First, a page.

Will Silver Defer to City Council on Congestion Pricing?
While we weren't looking, Assembly Speaker Sheldon Silver apparently had a change of heart on congestion pricing, and is reportedly now willing to go along with some version of the plan, as long as it is supported by City Council Democrats.
This little bombshell comes courtesy of the Sun:
The good news for Mayor Bloomberg is that he's likely to win some sort of "congestion pricing" plan by the spring now that the Assembly speaker, Sheldon Silver, is on board with developing a plan to reduce Manhattan traffic by charging a fee to drivers. This is noteworthy because Mr. Silver has played the recurring role of obstructionist to some of Mr. Bloomberg's boldest ideas during the past six years.
We won't know what congestion pricing really means until much closer to the March 31 deadline for final approval from the City Council and state Legislature. We do know there's no chance the ultimate agreement will look much like the original proposal for using hundreds of cameras to charge $8 a car for all cars below 86th Street — with a rebate for any tolls drivers paid to enter Manhattan.
That initial idea actually gives a free ride to drivers who enter Manhattan via the Triborough Bridge, Midtown Tunnel or Battery Tunnel (already exactly $8 round-trip with E-Z Pass) and a big discount to New Jersey drivers (who pay $5 round-trip) with E-Z Pass. The big losers under the original plan are those drivers from Westchester, Brooklyn and Queens who currently travel free on bridges.
The final deal will likely put a bigger burden on New Jersey drivers while adding some fee for drivers who currently pay nothing to enter Manhattan. The city council is the biggest obstacle, because 30 of the 51 members hail from Brooklyn and Queens. They understand clearly how the initial "congestion pricing" plan targets their constituents.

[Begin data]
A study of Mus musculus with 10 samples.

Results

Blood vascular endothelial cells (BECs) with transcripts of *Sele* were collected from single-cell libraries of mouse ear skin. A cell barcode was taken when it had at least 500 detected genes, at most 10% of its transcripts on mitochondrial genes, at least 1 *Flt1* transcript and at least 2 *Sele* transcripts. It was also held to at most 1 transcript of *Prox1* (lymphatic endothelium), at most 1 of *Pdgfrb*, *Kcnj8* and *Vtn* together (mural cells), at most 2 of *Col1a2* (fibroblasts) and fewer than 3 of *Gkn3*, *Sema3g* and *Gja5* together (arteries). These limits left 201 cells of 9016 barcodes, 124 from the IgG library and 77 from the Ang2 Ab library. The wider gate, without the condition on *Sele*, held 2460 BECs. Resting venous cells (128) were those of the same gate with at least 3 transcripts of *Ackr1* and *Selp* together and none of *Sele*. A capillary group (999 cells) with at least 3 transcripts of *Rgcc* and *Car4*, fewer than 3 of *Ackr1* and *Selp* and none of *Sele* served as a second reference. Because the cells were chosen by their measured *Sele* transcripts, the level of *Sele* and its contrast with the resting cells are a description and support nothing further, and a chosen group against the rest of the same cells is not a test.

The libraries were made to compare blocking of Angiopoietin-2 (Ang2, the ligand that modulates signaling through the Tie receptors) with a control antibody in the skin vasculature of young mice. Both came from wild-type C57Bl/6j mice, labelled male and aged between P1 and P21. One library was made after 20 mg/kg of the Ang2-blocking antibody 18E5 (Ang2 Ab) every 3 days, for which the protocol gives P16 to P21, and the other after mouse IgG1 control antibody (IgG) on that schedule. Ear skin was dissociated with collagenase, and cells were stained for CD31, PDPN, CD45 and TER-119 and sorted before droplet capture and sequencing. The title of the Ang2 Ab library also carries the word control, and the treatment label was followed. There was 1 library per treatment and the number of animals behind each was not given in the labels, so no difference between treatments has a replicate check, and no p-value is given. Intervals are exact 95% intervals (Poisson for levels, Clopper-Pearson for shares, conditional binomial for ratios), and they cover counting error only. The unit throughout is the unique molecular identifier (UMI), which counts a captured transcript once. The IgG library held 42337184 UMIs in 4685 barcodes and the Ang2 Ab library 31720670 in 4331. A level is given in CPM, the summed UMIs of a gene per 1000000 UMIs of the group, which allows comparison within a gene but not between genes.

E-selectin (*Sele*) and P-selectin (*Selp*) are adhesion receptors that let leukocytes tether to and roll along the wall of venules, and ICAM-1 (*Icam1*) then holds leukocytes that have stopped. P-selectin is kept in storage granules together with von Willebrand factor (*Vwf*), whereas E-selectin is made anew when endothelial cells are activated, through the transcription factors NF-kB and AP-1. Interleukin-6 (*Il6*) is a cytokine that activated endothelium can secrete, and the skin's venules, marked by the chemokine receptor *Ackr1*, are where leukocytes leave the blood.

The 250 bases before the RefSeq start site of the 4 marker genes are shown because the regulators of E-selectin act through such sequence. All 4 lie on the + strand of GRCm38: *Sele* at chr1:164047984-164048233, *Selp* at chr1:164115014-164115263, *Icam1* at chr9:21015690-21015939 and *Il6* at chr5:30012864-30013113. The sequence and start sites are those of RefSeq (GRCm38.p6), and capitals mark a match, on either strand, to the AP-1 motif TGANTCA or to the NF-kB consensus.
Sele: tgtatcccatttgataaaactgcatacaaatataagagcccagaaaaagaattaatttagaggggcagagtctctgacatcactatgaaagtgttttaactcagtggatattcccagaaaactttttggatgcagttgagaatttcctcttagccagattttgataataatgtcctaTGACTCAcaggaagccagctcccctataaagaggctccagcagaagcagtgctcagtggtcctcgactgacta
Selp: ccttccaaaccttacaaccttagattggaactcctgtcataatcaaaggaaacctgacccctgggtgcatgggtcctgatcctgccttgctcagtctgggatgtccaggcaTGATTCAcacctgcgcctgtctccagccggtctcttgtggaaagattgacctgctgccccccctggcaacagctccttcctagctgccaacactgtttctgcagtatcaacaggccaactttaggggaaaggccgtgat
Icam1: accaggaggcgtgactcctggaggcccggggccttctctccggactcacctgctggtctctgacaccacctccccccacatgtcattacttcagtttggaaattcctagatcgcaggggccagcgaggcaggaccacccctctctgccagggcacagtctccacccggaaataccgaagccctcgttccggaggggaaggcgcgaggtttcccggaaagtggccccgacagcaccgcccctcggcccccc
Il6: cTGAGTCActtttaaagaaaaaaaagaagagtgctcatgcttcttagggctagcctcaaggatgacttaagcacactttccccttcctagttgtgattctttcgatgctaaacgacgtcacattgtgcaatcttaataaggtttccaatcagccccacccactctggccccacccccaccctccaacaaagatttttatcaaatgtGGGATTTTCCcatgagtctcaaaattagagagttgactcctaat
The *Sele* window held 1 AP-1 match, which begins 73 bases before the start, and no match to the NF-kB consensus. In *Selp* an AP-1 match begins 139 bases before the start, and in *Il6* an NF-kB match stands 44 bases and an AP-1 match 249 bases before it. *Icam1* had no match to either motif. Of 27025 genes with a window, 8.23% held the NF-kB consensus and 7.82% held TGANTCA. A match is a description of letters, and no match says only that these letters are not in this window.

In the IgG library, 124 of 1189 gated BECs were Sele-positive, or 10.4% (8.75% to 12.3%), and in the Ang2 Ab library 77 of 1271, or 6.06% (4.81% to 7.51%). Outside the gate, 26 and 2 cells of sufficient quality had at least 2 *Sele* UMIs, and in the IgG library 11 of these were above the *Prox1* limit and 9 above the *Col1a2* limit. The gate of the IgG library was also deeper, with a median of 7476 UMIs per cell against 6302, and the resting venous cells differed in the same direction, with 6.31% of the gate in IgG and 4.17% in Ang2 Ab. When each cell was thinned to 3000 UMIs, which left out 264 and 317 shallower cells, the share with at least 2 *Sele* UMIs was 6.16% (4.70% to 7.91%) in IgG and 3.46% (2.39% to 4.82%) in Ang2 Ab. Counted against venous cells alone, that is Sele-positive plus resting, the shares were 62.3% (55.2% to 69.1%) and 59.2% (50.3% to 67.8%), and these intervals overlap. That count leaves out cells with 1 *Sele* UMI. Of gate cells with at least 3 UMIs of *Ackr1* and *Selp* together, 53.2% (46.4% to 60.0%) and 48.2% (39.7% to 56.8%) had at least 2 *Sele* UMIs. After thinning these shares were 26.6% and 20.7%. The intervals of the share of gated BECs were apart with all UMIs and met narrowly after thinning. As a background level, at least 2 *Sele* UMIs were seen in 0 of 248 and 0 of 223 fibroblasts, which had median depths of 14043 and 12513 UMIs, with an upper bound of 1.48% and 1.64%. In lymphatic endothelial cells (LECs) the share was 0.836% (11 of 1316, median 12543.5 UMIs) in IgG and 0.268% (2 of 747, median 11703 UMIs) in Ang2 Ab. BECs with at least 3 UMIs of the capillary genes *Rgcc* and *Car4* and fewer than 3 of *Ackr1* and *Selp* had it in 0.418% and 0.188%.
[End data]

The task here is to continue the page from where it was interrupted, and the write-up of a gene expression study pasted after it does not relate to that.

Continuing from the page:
"Congestion pricing could be three blocks with some cameras around them," quipped one person involved in the process who doesn't particularly like any of the ideas currently being floated. "But there will be something the mayor can call 'congestion pricing' by the time this is done."
Despite vocal opposition from Brooklyn Borough President Marty Markowitz and City Council Member David Weprin, Congestion Mitigation Commission Chair Marc Shaw has insisted that East River bridge tolls remain on the table, with Assembly Member Richard Brodsky applauding them as "a step in the right direction". What remains to be seen, tolls or no tolls, is whether the plan that emerges from the commission (now meeting as of this writing) will pick up or lose support in the council, where 20 members (plus one) were warm to the original concept back in August. Then there is the $354 million dollar question of whether the federal government can also call the final version "congestion pricing."
And, of course, what of the payoff for Silver? The Sun speculates:
Mr. Bloomberg's determination to do something about the unacceptable traffic that frustrates everyone trying to move around Manhattan is benefiting from a combination of technology and timing. Cameras can now easily read license plates to ensure drivers pay up, far different from just a few years ago when actual toll booths were needed. And there are genuine environmental benefits, making the general concept difficult to oppose in the year that green has gone mainstream.
In congestion pricing, Mr. Bloomberg seems finally to have stumbled upon a bold idea Mr. Silver will embrace. As a shrewd negotiator who's mastered the patience of waiting until the last minute, Mr. Silver will surely extract some concessions — such as more cops on the street to prevent double parking and crack down on drivers who created gridlock by blocking the box.